The name Mukesh Singh might not mean much to most Barbadians. It’s that of one of those men currently on death row in an Indian prison for the brutal 2012 gang rape and murder of 23-year-old medical student Jyoti Singh that shocked sane minds across the globe.
Ms Singh was beaten with iron bars during the rape and subsequently thrown from a moving bus. She suffered numerous injuries, dying about two weeks after the incident.
That was disturbing enough. Now in a BBC documentary which was to be aired this evening, Mukesh Singh, in an interview, gives some insight into a cultural malaise in India that has been highlighted in that Asian nation’s media and has also drawn the attention of the country’s political and social leaders.
Mukesh Singh described the victim’s murder as an accident and said that when the young woman was being raped she should not have fought with her attackers. He added she should have remained silent and accepted being violated. He noted that across India women were more responsible for rape than men.
“You can’t clap with one hand –– it takes two hands. A decent girl won’t roam around at nine o’clock at night . . . . A girl is far more responsible for rape than a boy. Boy and girl are not equal. Housework and housekeeping is for girls, not roaming in discos and bars at night doing wrong things, wearing wrong clothes. About 20 per cent of girls are good,” Mukesh Singh’s twisted brain reasoned.
But he was not finished. Mukesh Singh noted that the death penalty for his heinous crime would make it worse for women. His explanation was that when women were raped in the future their attackers would now kill them to avoid being identified and possibly captured.
Mukesh Singh, as has been indicated by Indian psychologists, women’s rights organizations and sane men, is a product of a centuries-old culture that in many ways views women as second-class citizens at best, and frequently no more than mere chattel.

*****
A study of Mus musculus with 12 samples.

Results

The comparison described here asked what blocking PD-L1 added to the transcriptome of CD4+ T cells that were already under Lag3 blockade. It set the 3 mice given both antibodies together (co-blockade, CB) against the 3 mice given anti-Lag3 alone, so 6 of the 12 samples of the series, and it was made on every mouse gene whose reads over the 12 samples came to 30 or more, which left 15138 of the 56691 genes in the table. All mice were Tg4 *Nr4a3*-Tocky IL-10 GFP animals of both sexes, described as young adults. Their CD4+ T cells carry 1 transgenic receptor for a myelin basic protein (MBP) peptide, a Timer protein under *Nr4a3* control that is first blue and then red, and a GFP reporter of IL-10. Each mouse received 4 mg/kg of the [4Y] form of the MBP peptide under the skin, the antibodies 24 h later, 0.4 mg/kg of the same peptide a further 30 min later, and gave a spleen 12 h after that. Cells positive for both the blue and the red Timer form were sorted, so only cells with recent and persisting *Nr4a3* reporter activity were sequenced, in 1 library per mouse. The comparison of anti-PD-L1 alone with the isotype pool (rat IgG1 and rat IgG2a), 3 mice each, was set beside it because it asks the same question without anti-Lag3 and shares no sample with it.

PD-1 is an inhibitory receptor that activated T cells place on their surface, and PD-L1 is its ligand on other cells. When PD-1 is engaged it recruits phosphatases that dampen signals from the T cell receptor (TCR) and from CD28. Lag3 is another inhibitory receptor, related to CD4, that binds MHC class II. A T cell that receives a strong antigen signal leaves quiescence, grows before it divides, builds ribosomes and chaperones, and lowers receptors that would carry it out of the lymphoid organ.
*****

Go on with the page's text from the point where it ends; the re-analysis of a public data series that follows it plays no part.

We travel across the ocean to our own neck of the woods. Thankfully, such extreme, negative acculturation is not part of the Barbadian experience. The predictability which seems to be attached to Mukesh Singh’s actions is not one which accompanies the dynamics of relationships between men and women in Barbados.
But we too have an issue which also seems to be cultural –– domestic violence and especially that perpetrated against women.
Organizations such as the Men’s Education Support Association would have us believe that domestic violence perpetrated by women against men is a problem. MESA has produced no empirical evidence to support this, and within that context we distance ourselves from any suggestion that men being physically abused by women is a
Conversely, cases brought before the law courts, stories of women seeking medical attention at hospitals and clinics for a variety of injuries, reports of domestic violence made to police stations by women, and instances of women seeking refuge at the homes of neighbours and family members have become commonplace in this country. We too have a cultural problem.
Mukesh Singh might be a moron articulating a nurtured point of view –– the most dangerous kind –– but there are some in our midst, equally moronic, who do not articulate any cultural position but frequently act out their sickness. Some unhesitatingly beat and maim; others beat and maim as though by right; while others act out their own sense of gender inferiority with their fists or weapons.
Such behaviour is frequently carried out by adults in the presence of impressionable young males –– and the cycle continues.
But as India attempts to deal with the Mukesh Singhs of that populous nation, we in Barbados have to wage a battle against domestic violence from the nursery school to the geriatric hospital.
Some, most of whom know nothing of what they speak, have called for additional laws to deal with domestic violence. There is no such need for more paper, as existing laws already cover every form of violation which one human being can visit upon another in the island, especially in situations of domestic violence.
This would suggest that more ineffectual laws are not the answer. Education and better parenting are excellent starting points for a concerted, bloodless war to be waged against domestic violence. Instances of such domestic violence must not be buried, but must be highlighted at every occurrence.
Those who perpetrate such violence must be made witnesses to their own shame. Nor must men be satisfied to seek refuge in organizations that delude them into believing they are indeed victims of rampant violence inflicted by women. That is a great folly.
Women and men’s organizations should not be places of gender refuge. Nor should they be avenues for the pointing of fingers and measuring the scale of blame. In such an atmosphere such agencies are simply havens for those creating the problems in the wider society. We dare say that such organizations should work collaboratively.
A recent bickering between MESA and the National Organisation of Women demonstrated the urgent need for working together. It was a case of two organizations showing they had lost their way.
We are not in the situation which our brothers and sisters face in India. But our shame is no less than theirs if one of us is beaten or maimed simply because of our gender.